Boating vs Yachting
Yachting industry professionals know there is a significant difference between yachting and boating, and the differentiating factor is not as simple as the overall length. Both have their pros and cons of course and need to be recognized and respected for their differences.
By Emma Batchelder
We know that any time you can get on the water is fun. In this article we take a light‐hearted look at some of the differences between the two to let you decide which you are more suited to, boating or yachting:
First off, you're going to need a crew. If you're boating, you may strategically invite that friend of yours who used to skipper around the Mediterranean islands a few years ago. Having people onboard who understand the rules of the road, and the importance of safety at sea, and the meaning of the word fender is critical. For this reason, your guests may crack an invite if they have additional skills which can be helpful to you and the running of the boat. On a yacht you have a full‐time, professional crew who are highly trained and skilled. No need to be handling lines or worrying about what time you can move the boat to an open slip in the neighboring marina.
Food. This is a big factor. If you're cruising around the islands on a 40‐foot catamaran there are a few things going on here. First off, you might not have a huge amount of storage space, or a huge galley to cook in. However, eating onboard probably isn't a high priority on your list of things to do, and considering you're on a boat that is easy to take just about anywhere, you're probably going ashore to eat most of your meals at the local restaurants. This is a great way to experience the places you are visiting and get a real taste (no pun intended) for their local cuisine and flavors.
On a yacht of course, you'll be taken care of by the chef, or chefs onboard. Yacht chefs are equipped to cook practically anything guests request. Vegan? No problem. Allergies? Not an issue? Your meat needs to be killed by hand and blessed by the slaughter man ‐ send the crew your preference list beforehand and they'll make it happen. Yacht crew are used to unique guest requests and will make whatever you want to happen, happen ‐ no questions asked. Additionally, on yachts there are multiple levels and styles of service. Guests and owners can choose whichever they prefer. If you are truly a hamburger and fries' kind of guy, the crew will serve you the best damn hamburger you've ever had. Or if you insist on having a Michelin star chef onboard who can create a nine‐course tasting meal, they'll do that for you too, happily.
Laundry facilities. Yachting beats this category hands down. If you're boating you're probably going to end up traveling home with a suitcase full of dirty clothes ‐ like most people do who go on vacation. The white boats however come equipped with laundry rooms bigger than most of your local laundromats, and the laundry crew are trained to take care of even the most delicate garments swiftly and efficiently. If you're yachting you're probably traveling home with your silk shirts wrapped in tissue paper (it avoids creasing at the folds ‐ duh), and somehow, they managed to get out that cranberry sauce stain from dinner at your Aunt Susan's house last Thanksgiving (how?!).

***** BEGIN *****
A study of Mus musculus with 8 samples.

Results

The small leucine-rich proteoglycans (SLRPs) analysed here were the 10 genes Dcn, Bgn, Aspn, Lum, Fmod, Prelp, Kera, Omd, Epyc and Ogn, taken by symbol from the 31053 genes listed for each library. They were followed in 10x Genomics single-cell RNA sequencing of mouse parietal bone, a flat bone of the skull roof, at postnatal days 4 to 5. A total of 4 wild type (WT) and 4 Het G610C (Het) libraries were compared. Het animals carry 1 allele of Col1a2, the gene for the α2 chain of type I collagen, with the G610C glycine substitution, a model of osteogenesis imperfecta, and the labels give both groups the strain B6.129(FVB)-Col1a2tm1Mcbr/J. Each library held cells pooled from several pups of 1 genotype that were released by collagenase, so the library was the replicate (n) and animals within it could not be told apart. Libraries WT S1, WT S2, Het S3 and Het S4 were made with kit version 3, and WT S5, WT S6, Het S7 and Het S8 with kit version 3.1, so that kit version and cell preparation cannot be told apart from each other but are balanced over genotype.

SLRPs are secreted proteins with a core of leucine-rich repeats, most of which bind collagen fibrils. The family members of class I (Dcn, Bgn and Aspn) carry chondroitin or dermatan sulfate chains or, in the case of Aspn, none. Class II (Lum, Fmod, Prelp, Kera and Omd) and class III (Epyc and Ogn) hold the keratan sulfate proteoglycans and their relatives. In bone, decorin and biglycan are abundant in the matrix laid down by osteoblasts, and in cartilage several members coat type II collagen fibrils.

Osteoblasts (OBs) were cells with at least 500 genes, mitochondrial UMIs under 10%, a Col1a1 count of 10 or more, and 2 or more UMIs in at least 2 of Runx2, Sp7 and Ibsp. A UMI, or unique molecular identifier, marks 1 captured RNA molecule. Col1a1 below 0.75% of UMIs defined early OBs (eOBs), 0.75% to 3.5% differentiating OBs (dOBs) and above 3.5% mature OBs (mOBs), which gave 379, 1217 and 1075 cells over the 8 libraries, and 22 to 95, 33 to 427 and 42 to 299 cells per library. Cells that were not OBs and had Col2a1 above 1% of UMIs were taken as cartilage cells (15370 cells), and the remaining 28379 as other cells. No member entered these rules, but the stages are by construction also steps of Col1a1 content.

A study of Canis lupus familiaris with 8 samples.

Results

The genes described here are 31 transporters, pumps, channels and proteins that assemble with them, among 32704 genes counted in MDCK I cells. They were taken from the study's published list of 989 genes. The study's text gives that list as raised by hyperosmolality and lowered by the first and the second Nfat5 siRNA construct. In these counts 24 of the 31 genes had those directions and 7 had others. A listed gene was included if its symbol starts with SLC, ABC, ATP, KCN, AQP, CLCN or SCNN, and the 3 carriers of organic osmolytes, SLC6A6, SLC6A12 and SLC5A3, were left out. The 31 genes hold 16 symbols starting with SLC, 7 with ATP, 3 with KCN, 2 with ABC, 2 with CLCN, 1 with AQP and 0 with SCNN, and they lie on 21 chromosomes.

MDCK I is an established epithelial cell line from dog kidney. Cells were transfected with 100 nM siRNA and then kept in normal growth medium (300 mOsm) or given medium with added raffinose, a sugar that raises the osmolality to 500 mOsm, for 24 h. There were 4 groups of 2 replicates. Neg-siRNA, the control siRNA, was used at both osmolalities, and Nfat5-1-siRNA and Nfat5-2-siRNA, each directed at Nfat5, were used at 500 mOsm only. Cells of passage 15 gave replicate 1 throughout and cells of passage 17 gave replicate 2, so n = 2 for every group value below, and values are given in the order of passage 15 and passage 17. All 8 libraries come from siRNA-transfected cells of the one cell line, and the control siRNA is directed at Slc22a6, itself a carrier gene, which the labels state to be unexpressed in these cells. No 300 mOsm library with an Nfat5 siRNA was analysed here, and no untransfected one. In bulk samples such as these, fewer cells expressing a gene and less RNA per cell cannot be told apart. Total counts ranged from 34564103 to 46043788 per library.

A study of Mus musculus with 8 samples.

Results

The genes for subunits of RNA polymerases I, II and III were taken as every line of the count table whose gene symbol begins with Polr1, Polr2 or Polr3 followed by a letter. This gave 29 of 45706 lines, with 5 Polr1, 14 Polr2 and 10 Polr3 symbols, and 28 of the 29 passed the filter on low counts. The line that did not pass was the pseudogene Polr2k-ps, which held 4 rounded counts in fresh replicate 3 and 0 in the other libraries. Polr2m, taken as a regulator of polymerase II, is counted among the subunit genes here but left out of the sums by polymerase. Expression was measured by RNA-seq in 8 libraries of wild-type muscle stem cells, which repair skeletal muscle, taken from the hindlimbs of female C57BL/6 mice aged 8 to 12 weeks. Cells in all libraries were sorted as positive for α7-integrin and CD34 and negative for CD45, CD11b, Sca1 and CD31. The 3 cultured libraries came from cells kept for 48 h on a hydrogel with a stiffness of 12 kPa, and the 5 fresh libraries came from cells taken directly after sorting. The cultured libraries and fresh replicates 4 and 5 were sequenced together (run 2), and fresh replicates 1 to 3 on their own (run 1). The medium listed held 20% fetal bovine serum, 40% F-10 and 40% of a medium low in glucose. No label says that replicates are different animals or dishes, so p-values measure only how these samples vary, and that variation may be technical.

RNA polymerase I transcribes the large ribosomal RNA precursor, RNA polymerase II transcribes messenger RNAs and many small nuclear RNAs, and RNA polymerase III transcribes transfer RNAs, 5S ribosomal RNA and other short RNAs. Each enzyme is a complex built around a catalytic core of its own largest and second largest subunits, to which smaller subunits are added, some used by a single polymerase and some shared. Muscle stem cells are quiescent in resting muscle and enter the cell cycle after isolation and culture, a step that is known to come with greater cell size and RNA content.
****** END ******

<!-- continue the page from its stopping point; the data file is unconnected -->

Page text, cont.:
Without wanting to be crude, toilet facilities need to be pointed out in this comparative article. On a boat, you are far more aware of checking the system status before you go swimming 'just to be safe'. You also are going to be counting the toilet paper squares to avoid any potential blockages. On a yacht, it just works. Thank you, engineers!
Dockage. Here's one for the boaters. There is no question that cruising around an area and anchoring/docking a 38‐foot sailboat is far more convenient. Yachts paid excessive amounts to stay in marinas, and that is if the marina can event accommodate them. How much you draw, and the length of the vessel plays a big factor in this. Anyone who is choosing to spend time on the water, whether it be a yacht or a boat, must love being on the ocean. Boaters can drop an anchor at a shallow sandbar, hang out in clear, waist high water, cold beer in hand without batting an eyelid. Not something yacht owners have easy access to.
This leads up to our last point which of course, is cost. Either way owning or chartering any vessel costs significant money. Of course, the difference between boating and yachting costs is extreme, and the bigger you go, the more your expensive will be. Luxury Yacht Group is launching our latest version of our Superyacht Cost Calculator in October 2018 which shows users detailed breakdowns of how much it costs to own and run a yacht of at minimum 80‐feet in length, and up to 600‐feet in length.
At Luxury Yacht Group, we as people are boaters. Many of us live in Fort Lauderdale and enjoy spending time on our own, or friends' boats that we take out on the intracoastal on a Sunday afternoon. We don't mind getting our hands dirty, helping with lines, and navigating the waterways ‐ in fact we crave that. It's in our DNA. Many of us spent years on board superyachts all over the globe working as captains, chief stewardess' and pursers. We understand yachting better than most because we have lived it first‐hand, and we love everything that it is about. Fantastic crew, a high level of service, and the ultimate experience in luxury.
Nowadays our free time is spent a little differently. First, we have weekends and we chose to spend them on the water, boating, because once you get a taste for life in the salty ocean air, it becomes a part of who you are, and that will never leave you.